On June 25, 1948, Joe Louis defeats Jersey Joe Walcott to retain the heavyweight championship.
Louis’ challenger, Jersey Joe Walcott, was a veteran fighter who was finally getting a shot at the title. Born Arnold Cream, he started his boxing career at the age of 16 in his native New Jersey, taking the name "Jersey Joe Walcott" after the boxer Joe Walcott from Barbados. As a young fighter, Walcott was invited to train with Joe Louis in Chicago, but a bout of typhoid fever forced him to remain at home and miss his first opportunity to spar with the champ. Because of pervasive prejudice in boxing in the 1930s and 40s, the African-American Walcott struggled to book the fights with established boxers that would advance his career. Despite his impressive talent, he wasn’t able to achieve a top 10 ranking until he was 31.
Walcott and Louis first fought in December 1947, when Louis won a 15-round decision in which he struggled to counter Walcott’s unorthodox style. Louis was knocked down in the first and fourth rounds, and many in the 18,000-strong Madison Square Garden crowd believed he had lost the fight. The public demanded a rematch.
Louis was two pounds heavier for the rematch, which he said would be his last go-round in the ring. Again, he struggled with Walcott’s style, unable to punish him as he had the lesser fighters of his so-called "bum of the month" club in the early 1940s. As the match entered its final rounds, Louis was trailing in points, and needed a knockout punch to retain the title he had held since 1937. To the surprise of many in the audience, the champ was able once again to summon his legendary power and hit Walcott with a right to the jaw that knocked him unconscious. It was the 25th and final time that Louis successfully defended his belt. Louis announced his retirement in March 1949, and with it, vacated his heavyweight belts.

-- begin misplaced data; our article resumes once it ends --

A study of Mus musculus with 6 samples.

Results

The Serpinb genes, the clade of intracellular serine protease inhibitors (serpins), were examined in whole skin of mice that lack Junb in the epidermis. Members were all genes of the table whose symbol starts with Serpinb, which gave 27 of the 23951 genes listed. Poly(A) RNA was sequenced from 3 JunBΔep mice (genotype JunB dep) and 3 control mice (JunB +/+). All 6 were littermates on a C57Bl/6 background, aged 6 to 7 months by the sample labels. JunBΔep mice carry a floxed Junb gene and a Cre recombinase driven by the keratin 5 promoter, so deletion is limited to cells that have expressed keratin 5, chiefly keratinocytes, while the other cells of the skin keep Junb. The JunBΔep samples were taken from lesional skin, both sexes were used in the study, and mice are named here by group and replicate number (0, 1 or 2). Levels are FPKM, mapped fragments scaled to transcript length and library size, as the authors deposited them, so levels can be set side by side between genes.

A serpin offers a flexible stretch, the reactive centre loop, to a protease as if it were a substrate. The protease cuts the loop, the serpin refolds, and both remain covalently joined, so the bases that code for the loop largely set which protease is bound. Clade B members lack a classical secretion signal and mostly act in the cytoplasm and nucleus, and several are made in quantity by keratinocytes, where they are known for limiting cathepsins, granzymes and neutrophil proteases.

Jersey Joe Walcott fought Ezzard Charles for the vacant heavyweight title on June 22, 1949, and lost a 15-round decision. Walcott again lost to Charles on March 7, 1951, but finally won the belt in his fifth chance, when he knocked out Charles on July 18, 1951. Walcott’s first fight and only win as champion was a fourth fight against Charles on June 5, 1952. He lost his belt for good in his second defense to Rocky Marciano on September 23, 1952. The next year, Rocky Marciano knocked out Walcott in the first round of their rematch.
Louis returned to fight for the heavyweight title on September 27, 1950, but lost to then-champion Ezzard Charles in a 15-round decision.